Information på svenska om etikprövning av forskning som avser människor

According to the Ethical Review Act (lag (2003:460) om etikprövning av forskning som avser människor) ethical review is required for certain kinds of research involving humans. Other regulations apply to research involving animal testing (read more about animal testing). The Ethical Review Act has been in force since 2004, and applies to research carried out in Sweden which involves any of the following:

  • processing of special categories of personal data according to the General Data Protection Regulation (EU 2016/679), i.e. personal data revealing racial or ethnic origin, political opinions, religious or philosophical beliefs, or trade union membership, and the processing of genetic data, biometric data for the purpose of uniquely identifying a natural person, data concerning health or data concerning a natural person’s sex life or sexual orientation
  • processing of personal data regarding violations of law that include crimes, judgments in criminal cases, penal law sanctions, or administrative deprivation of liberty
  • physical interventions on research subjects or deceased persons
  • methods with the purpose of affecting a research person physically or mentally, or which includes an apparent risk of injuring the research subject either physically or mentally
  • studies of biological material that has been taken from a living or deceased person, and can be traced to that person

According to the law, such research may only be conducted if it has been approved subsequent to an ethical review. Note that this holds not only for externally funded project, but also for research funded through one’s employment. Hence, it is important to consider the need for ethical review for each new study or project, and plan ahead to make sure there is enough time to write, send and get one’s application approved before one needs to get started.

Apply for ethical review 

Applications for ethical review are handled by The Ethical Review Authority. Further information and instructions on how to apply are to be found on its website (only in Swedish).

It is not always easy to determine whether or not one’s planned research requires ethical review according to the law. To make it somewhat easier for you, the Office för Research, Engagement and Innovation Services has (in collaboration with other parts of the University) developed the Ethical review tool which is an interactive tool, giving you an indication of whether ethical review is required or not, based on your answers to a number of key questions.

Many of the questions may be difficult to answer. One might e.g. be uncertain regarding what counts as sensitive personal data, or whether applying one’s methods amounts to the kind of influence or risk specified by the law. Several sources provide useful information on these issues, e.g. the Swedish Authority for Privacy Protection and CODEX.

If you cannot find what you are looking for on your own, the Office för Research, Engagement and Innovation Services, in collaboration with Stockholm University’s legal experts, offers qualified support in these matters. Do not hesitate to contact us at at the Office för Research, Engagement and Innovation Services.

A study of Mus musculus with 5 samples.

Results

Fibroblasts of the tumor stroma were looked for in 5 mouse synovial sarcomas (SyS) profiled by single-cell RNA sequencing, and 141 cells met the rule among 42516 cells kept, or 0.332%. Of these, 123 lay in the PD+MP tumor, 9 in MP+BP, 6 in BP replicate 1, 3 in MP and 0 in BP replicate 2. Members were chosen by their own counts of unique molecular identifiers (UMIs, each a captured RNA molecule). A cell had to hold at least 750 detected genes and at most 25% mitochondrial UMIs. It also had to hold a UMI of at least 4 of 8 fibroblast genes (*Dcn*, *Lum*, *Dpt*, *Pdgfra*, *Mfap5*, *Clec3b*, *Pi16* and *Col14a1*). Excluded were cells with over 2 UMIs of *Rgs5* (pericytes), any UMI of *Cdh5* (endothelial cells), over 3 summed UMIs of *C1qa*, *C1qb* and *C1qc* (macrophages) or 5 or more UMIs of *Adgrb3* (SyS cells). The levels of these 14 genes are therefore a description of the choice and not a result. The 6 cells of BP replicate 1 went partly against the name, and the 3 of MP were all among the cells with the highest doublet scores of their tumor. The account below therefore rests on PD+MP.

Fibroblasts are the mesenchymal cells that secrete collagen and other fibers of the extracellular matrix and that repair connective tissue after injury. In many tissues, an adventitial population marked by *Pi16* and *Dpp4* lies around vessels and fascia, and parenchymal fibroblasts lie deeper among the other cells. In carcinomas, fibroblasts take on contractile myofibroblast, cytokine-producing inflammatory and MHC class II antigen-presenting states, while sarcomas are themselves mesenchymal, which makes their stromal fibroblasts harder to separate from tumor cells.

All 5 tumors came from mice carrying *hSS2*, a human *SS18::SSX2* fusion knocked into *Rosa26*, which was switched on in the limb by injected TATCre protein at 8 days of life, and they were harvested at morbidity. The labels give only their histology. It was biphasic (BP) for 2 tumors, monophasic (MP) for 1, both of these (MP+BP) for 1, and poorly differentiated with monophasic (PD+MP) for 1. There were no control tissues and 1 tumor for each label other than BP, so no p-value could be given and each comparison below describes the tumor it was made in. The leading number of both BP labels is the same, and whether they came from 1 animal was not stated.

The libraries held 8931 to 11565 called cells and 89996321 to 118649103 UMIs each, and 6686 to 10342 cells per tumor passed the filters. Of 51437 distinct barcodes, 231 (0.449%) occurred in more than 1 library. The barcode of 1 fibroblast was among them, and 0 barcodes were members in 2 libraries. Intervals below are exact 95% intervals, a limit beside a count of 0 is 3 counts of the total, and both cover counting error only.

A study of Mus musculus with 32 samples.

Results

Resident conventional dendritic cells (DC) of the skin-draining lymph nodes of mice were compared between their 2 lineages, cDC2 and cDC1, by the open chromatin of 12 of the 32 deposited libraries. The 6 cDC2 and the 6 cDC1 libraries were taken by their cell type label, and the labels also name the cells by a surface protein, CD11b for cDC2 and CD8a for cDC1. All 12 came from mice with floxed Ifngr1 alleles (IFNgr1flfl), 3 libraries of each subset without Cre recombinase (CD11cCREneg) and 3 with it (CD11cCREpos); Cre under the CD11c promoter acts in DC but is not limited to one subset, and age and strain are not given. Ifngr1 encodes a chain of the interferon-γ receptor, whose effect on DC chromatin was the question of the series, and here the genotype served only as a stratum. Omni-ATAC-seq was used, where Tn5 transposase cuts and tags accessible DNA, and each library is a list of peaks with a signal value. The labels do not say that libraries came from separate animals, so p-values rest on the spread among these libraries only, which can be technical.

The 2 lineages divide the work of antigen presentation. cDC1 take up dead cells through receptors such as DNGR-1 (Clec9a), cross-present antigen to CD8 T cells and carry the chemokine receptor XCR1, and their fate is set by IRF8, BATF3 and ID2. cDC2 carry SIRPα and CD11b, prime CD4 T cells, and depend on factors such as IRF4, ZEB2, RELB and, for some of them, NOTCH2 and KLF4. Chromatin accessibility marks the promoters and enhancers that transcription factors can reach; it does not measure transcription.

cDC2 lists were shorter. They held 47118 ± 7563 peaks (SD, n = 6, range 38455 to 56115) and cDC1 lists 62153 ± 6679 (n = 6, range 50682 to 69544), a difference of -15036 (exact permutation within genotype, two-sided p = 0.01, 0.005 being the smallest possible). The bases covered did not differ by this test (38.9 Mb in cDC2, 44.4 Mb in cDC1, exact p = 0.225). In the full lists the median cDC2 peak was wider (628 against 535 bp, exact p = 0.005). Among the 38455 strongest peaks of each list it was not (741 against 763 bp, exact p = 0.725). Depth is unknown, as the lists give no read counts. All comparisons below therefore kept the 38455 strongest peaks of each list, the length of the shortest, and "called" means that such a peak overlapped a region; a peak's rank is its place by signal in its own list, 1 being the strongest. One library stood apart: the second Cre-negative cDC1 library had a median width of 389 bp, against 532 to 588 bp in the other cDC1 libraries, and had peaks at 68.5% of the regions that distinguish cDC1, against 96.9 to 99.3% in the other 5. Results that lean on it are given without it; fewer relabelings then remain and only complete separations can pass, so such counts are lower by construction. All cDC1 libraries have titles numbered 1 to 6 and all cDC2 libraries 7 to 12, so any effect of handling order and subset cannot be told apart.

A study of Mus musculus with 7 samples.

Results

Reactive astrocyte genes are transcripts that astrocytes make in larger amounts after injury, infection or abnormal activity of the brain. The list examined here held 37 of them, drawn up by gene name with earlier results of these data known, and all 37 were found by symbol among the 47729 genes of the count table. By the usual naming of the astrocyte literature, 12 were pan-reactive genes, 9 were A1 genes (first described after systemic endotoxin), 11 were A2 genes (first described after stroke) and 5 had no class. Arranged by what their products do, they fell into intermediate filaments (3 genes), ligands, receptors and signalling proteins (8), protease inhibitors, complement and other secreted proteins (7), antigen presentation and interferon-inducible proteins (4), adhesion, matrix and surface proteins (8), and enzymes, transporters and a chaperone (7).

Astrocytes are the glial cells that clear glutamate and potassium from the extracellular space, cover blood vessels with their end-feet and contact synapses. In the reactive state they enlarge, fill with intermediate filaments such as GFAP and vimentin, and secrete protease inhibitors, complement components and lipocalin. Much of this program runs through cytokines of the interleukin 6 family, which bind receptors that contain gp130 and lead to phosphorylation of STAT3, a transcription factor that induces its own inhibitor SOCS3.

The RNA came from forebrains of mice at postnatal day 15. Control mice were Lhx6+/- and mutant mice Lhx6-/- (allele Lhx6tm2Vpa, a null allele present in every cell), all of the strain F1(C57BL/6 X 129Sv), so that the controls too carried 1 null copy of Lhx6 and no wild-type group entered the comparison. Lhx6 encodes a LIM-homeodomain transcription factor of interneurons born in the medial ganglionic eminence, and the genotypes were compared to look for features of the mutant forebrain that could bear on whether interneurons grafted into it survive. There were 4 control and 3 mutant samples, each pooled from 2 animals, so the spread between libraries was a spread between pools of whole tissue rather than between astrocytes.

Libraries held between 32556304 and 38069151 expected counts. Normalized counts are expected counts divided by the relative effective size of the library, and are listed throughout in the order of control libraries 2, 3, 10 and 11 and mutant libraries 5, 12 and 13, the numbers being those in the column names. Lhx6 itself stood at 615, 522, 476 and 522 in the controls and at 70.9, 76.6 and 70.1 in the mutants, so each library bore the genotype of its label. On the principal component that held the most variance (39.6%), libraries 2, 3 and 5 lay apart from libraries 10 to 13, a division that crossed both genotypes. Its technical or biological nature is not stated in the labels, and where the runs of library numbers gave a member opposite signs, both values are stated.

Legal changes

On January 1st 2020, changes to the Ethical Review Act entered into force. These changes were proposed in the government bill Etikprövning av forskning – tydligare regler och skärpta straff (prop. 2018/19:165). The changes do not concern what kinds of research that are to be submitted for ethical review, and the exemption for student work remains. Instead, changes include increased sanctions for breaching the Ethical Review Act. The maximum sanction for researchers who intentionally have failed to apply for ethical review of research that should be reviewed is increased from six months to two years imprisonment; in cases of gross negligence sanctions that researchers may face range from fines to a maximum of six months imprisonment (in minor cases punishment will not be imposed). The bill also clarifies the responsibility universities have for ensuring that researchers are familiar with the requirements of the law, and sanctions are increased also for research principals (forskningshuvudmän) who intentionally (maximum two years imprisonment) or with gross negligence (maximum six months imprisonment) fail to take measures to prevent research being carried out in the course of its operations without ethical review or in in conflict with conditions associated with ethical review approval (in minor cases punishment will not be imposed). Examples of preventive measures mentioned in the bill are the creation of good routines for information, follow-up and control of issues concerning ethical review within the organisation and to ensure that PhD students, researchers and others working in research get necessary training in the Ethical Review Act. That sanctions are increased also implies that the period of limitation (preskriptionstid) is prolonged from two to five years.

From January 1st 2020, the Ethics Review Appeals Board will be in charge of all supervision of research related to the Ethical Review Act.

If you have questions about ethical review or about how the new rules apply to you, please contact the ethics support function at the Office for Research, Engagement and Innovation Services.